Unlikely surprises highlighted Day 1 Pune Weekender

PUNE: As Bacardi NH7 Weekender shifted its base for the fourth time since its inception in Pune, the newest home did not need to wait until the sunset to witness impressive turnouts for respective stages. NH7 Weekenders continue to surprise us with its carefully organised schedule of line-ups, a result of hosting an event of the scale for at least 20 times before, the final day of the last leg of 2016 edition kicked off with Mumbai-based alternative rock act Gumbal at Bacardi House Party. It took NH7 Weekender and one of oldest OML’s associations, Randolph Correia’s electronic set Func’s latest releases to set the ball rolling for a day-long of surprises and unmatched energy from some of the acts. The opening day of the only three day Weekender edition belonged to the acts, and their consistent ability to remind why the music festival still holds the ability to blow your mind away regardless of the time or the heat.

On Friday, that moment re-arrived through the form of Delhi-based duo Komorebi. Possibly the least talked-about act of the edition, Tarana Marwah and Suyash Gabriel may have assumed the 5:40pm – 6:20pm slot would only lead to early bird faces and empty patches across the Breezer Vivid Village arena, but two songs into the set and Komorebi had already made new fans – some curious, some unaware, but most, glad. It gradually became a task to point out one particular element that was working in Komorebi’s favour, as the two musicians picked up individual moments to garner applause from the crowd as they further escalated the vibe at the arena. The act also performed ‘Hide’, a yet-to-be-released composition, and undoubtedly, instantly, caught people’s attention and ultimately their approval. Drummer Suyash Gabriel, from the moment he sat on the best seat in the house, performed as if he had something to prove, something to showcase. And showcase, he did. At one point, Marwah missed her vocal entry into a song, but Gabriel seemed to be into the musicians’ ‘Weekender State of Mind’, however, eventually co-ordinated at the right time to let the party going. Music festivals are about the experience ultimately, sure, but it's primarily extremely dependent on the music, and Komorebi ensured the same through an effort that would go down in the festival's history as one of the finest electronic sets executed. Not often do bands create an impression early in the day, and Komorebi also reminded the fans of the beauty of curtain-raising acts. It's safe to conclude that Komorebi has evolved, musically, beyond anyone's prediction in a year, and through Friday's performance (possibly their best outing so far) shortlisted itself into 'acts to watch out for in 2017'.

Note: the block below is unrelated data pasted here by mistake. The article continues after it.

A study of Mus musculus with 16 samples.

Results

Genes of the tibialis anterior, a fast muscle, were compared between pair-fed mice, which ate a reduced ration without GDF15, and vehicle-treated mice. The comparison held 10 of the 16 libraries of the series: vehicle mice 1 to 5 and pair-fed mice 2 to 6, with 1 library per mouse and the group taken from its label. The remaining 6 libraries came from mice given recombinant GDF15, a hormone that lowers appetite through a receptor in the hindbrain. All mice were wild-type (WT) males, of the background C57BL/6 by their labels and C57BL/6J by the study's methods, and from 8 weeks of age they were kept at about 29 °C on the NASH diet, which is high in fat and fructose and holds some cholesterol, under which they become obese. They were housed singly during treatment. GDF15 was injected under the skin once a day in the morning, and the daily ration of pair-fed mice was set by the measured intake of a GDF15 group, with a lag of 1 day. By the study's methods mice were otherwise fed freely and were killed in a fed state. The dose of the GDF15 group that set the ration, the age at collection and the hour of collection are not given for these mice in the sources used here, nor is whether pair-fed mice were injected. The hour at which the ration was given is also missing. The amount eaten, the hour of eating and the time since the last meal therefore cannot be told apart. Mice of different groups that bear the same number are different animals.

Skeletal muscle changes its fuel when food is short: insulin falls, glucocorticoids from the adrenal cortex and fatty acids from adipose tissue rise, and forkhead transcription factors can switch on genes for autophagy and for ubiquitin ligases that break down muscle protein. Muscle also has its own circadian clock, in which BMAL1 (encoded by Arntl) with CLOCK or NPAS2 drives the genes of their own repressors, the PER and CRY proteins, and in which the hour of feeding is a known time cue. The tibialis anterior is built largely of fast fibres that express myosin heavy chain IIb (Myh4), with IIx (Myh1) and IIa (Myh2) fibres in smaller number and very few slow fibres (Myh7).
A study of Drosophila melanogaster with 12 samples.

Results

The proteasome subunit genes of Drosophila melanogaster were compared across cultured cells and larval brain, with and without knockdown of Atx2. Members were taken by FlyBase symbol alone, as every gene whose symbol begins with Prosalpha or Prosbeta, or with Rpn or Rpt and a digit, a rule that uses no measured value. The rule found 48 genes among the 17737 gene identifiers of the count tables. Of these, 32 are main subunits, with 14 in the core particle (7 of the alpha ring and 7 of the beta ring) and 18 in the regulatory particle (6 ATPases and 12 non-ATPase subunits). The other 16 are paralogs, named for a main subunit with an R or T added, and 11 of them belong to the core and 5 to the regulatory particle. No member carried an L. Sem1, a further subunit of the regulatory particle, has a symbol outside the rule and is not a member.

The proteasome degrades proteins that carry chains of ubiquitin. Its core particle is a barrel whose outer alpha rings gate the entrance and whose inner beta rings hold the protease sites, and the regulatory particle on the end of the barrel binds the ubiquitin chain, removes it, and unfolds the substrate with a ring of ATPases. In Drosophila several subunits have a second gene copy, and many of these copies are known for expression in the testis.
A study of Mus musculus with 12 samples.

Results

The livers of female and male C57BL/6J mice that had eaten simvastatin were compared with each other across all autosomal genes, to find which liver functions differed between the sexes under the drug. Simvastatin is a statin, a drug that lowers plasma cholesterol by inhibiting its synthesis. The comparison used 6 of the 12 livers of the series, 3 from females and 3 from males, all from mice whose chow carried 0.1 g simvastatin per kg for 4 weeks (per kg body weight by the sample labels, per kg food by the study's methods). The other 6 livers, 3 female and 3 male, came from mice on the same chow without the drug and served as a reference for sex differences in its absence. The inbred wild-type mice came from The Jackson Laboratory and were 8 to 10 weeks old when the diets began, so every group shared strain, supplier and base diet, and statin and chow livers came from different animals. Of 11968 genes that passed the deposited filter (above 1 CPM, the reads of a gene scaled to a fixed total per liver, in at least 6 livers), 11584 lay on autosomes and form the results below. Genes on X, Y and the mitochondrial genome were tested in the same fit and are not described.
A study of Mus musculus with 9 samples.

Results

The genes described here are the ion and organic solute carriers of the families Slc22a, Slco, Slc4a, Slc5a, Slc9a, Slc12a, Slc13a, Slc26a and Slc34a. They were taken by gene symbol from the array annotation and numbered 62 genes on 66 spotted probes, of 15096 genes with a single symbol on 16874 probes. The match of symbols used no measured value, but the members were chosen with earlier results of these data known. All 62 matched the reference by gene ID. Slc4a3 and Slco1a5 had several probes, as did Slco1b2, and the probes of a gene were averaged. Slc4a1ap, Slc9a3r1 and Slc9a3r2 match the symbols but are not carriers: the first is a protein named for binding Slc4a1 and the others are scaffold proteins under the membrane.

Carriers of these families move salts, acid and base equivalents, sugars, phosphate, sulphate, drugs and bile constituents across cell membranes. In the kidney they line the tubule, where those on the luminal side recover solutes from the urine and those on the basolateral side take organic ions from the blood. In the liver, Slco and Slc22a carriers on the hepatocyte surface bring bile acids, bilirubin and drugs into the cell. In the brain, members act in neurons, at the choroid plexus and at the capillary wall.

On the biggest stage of the venue, Underground Authority continued on the trend of 'unsuspecting acts raising the roof' kickstarted by Komorebi early in the day. And while the Kolkata-based band had the advantage of 'post-sunset' slot, the four members had to bring in their 'A Game' to the happiest music festival, as every act would do. From a protest song concerning Human Rights violation to the band's admiration of Reggae with the help of a collaboration with Nikita Gandhi, Underground Authority's performance involved 'one song for them, one song for us' approach.

Talking about collaborations, Dualist Inquiry enjoyed support from a few friends, featuring The F16s' vocalist Josh and keyboardist Harshan, Sid Vashi on saxophone and Kavya Trehan on vocals (also the contributors to the musician's latest album Dreamcatcher), and as one of OML's poster boys ended his set with crowd favourites, dropping some best sellers from Doppelganger.

The night progressed to the inevitable as the headliner of the first day (or 'one true headliner of the country' as OML's Vijay Nair puts it) introduced his fans to the Papon collaboration (for the series'The Dewarists') for the first time, while his Bass Yatra took the eight headlining pit-stop of 2016 Weekender.

As the music did its part on Day 1, the time had arrived to judge the 'festival' aspect of the experience. The recently launched festival app steered the ease in access, tracking friends' stage preferences, SOS arrangements through sophisticated algorithms.

The Loudest Crew extends its efficiency and hospitality to yet another edition of a hassle-less opening day. Plus, as a spectator/fan/attendee, it's always an encouraging visual to see Vijay Nair, the founder, volunteering on-ground constantly coordinating with security, box office, cops further justifying how rooted the festival continues to be despite its evolution into the only profit-making Indian music festival.

The day 2 awaits for the 'one true headliner' for most promoters in the world, and although it's too early to say, it'd be interesting to see if the seventh edition ends with the highest turnout, considering - apparently - the festival moved out of Laxmi Lawns as the festival outgrew the older venue.